If you have a desk job, you’re probably familiar with bouts of pain in the knees and lower back. Be it just one ailment or both, if there is one thing that can make your everyday life a living nightmare, it’s knee joint pain.
Usually, people in their early adulthood don’t think they’re susceptible to arthritis and tend to brush away the pain. However, arthritis in the kneecap can develop over time. The moment the joint’s cartilage gets inflamed, it can give way to swelling, cracking sounds, and the knee locking, making it difficult to move. This ultimately leads to patellofemoral arthritis.
But what exactly causes arthritis in the knees, and can you get rid of it? To learn more about this condition, keep reading this blog.
What is Patellofemoral Arthritis?
Patellofemoral arthritis is a type of arthritis that affects the underside of your kneecap, known as the patella. However, despite taking place under your knee, the pain usually emanates at the front of the knee. This happens when the patella wears out, which causes the knee joint to rub against the femur, creating friction and pain.
Early Knee Arthritis Symptoms
The biggest identification factor of patellofemoral arthritis is sharp knee pain. Typically this pain occurs when you are sitting stationary. But it can get worse after movement, especially if you climb stairs or walk up an incline. Basically, any activity that puts pressure on your kneecap is triggering. Nevertheless, here are some of the most common symptoms of arthritis in the kneecap:
- Stiff knees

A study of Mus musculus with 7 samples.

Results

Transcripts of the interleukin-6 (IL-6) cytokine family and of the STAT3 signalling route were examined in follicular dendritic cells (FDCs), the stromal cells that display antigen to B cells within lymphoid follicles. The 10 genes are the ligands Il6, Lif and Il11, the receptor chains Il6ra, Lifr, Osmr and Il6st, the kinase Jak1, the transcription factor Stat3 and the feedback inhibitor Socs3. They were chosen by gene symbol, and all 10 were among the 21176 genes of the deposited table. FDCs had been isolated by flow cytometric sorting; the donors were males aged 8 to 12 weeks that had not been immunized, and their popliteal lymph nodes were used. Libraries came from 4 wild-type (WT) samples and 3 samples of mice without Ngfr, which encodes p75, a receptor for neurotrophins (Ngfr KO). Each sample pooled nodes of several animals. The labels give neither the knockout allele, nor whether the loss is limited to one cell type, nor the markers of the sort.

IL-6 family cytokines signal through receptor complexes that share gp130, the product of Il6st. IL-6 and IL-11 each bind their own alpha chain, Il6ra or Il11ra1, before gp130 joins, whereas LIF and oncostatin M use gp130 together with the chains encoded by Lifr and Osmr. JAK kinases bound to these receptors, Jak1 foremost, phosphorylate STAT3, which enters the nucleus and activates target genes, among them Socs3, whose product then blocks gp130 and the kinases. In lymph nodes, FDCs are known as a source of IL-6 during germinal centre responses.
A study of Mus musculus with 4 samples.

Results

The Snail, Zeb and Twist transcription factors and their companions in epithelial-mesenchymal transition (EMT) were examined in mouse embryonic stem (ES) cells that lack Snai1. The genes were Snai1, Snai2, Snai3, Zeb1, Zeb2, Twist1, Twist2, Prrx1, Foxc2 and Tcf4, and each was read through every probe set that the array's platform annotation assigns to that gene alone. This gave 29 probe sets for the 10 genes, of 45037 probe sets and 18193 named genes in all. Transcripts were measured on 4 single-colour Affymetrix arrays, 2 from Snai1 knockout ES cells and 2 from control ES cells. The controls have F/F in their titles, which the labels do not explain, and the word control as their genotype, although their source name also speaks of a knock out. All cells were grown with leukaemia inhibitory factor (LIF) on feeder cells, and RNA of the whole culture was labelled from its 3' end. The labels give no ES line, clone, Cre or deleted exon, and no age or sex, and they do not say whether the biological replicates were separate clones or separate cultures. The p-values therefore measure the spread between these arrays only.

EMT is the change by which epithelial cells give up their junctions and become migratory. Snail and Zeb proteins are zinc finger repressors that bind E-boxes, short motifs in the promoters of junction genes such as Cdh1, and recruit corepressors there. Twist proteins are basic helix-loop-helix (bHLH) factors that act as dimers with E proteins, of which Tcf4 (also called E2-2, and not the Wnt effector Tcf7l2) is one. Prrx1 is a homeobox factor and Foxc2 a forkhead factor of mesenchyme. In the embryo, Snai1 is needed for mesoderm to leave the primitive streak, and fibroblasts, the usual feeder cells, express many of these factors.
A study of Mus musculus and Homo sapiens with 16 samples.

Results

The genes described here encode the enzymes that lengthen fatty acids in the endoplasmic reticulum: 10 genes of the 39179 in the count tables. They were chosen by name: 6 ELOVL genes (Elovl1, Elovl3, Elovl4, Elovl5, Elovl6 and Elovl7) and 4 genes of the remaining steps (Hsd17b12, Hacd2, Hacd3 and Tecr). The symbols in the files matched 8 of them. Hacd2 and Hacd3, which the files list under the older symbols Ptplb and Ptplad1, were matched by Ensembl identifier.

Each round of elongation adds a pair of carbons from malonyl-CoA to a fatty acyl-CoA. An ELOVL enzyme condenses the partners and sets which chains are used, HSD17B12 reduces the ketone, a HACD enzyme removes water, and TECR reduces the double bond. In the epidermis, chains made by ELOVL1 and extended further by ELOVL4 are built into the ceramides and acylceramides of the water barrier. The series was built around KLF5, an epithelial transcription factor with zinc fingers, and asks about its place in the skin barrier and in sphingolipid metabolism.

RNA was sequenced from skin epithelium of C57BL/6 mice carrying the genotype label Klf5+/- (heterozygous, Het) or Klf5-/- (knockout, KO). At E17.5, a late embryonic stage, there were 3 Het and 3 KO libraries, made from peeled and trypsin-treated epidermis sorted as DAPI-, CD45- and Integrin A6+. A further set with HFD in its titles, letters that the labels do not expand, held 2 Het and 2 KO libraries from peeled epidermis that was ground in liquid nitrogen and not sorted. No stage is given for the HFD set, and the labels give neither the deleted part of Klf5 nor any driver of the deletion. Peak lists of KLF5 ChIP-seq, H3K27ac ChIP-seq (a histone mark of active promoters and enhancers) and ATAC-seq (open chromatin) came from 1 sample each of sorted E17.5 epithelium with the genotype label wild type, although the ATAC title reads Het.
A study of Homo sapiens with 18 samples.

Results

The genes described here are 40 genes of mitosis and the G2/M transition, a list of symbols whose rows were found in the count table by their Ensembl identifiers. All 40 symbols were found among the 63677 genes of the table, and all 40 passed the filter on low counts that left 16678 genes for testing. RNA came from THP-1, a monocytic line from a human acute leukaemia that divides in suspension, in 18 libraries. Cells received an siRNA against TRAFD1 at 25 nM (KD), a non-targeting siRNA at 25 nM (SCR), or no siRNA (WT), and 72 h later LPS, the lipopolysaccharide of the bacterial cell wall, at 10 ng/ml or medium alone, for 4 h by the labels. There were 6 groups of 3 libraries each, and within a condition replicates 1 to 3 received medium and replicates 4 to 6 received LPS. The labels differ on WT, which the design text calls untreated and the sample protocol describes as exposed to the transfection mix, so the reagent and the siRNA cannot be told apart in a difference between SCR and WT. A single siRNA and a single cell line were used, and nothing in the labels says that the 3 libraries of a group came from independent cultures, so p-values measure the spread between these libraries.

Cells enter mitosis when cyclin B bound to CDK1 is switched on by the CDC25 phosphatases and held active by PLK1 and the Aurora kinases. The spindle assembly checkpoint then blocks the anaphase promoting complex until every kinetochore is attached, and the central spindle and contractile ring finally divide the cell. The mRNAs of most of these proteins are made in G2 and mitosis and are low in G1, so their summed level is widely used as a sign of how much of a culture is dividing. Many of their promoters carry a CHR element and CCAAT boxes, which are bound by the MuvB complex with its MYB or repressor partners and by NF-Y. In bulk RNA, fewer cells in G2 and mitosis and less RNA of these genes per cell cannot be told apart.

- Swollen kneecaps
- A cracking sound every time you move your knees
- Knee locking in place
- Having difficulty moving your legs
- A dull throb pulsing within your knees at all times, especially when they are folded.
Causes of Kneecap Arthritis
There are numerous reasons that can give birth to patellofemoral arthritis, including:
- Osteoarthritis or any other pre-existing symptoms of arthritis.
- Knee Dysplasia
- Misaligned Kneecaps
- Joint overuse from moving around too much all of a sudden
- History of dislocated or a fractured kneecap
- Underlying autoimmune conditions, such as lupus, rheumatoid arthritis, etc.
Can Arthritis in The Knee Cap Be Treated?
Even though you can’t eliminate all signs of arthritis in the kneecap, there are still ways to treat and ease the pain. Depending on the severity of your condition, you might require surgical treatment or a nonsurgical alternative. For instance, for non-surgical treatments, expert rheumatologists suggest the following options:
- Anti-inflammatory medications (NSAIDs)
- Regular Exercise
- Avoid using the stairs
- Weight Loss
- Cortisone Injections
- Physical Therapy
On the other hand, if the pain you feel is unbearable, you may have to undergo surgery to treat the specific problem area. Consult with your doctor for more information.
All in all, arthritis in the kneecap is quite common. Whether you developed it due to a sedentary lifestyle or overusing your knee joints, the pain is there to last. That is unless you take the necessary precautions to treat the condition.
For further inquiries, contact Rheumatology Care at 13688 Breton Ridge St, STE H, Houston, TX 77070, near Houston Kidney Specialists Center. You can also give us a ring by dialing 832-532-9779 to schedule an appointment beforehand.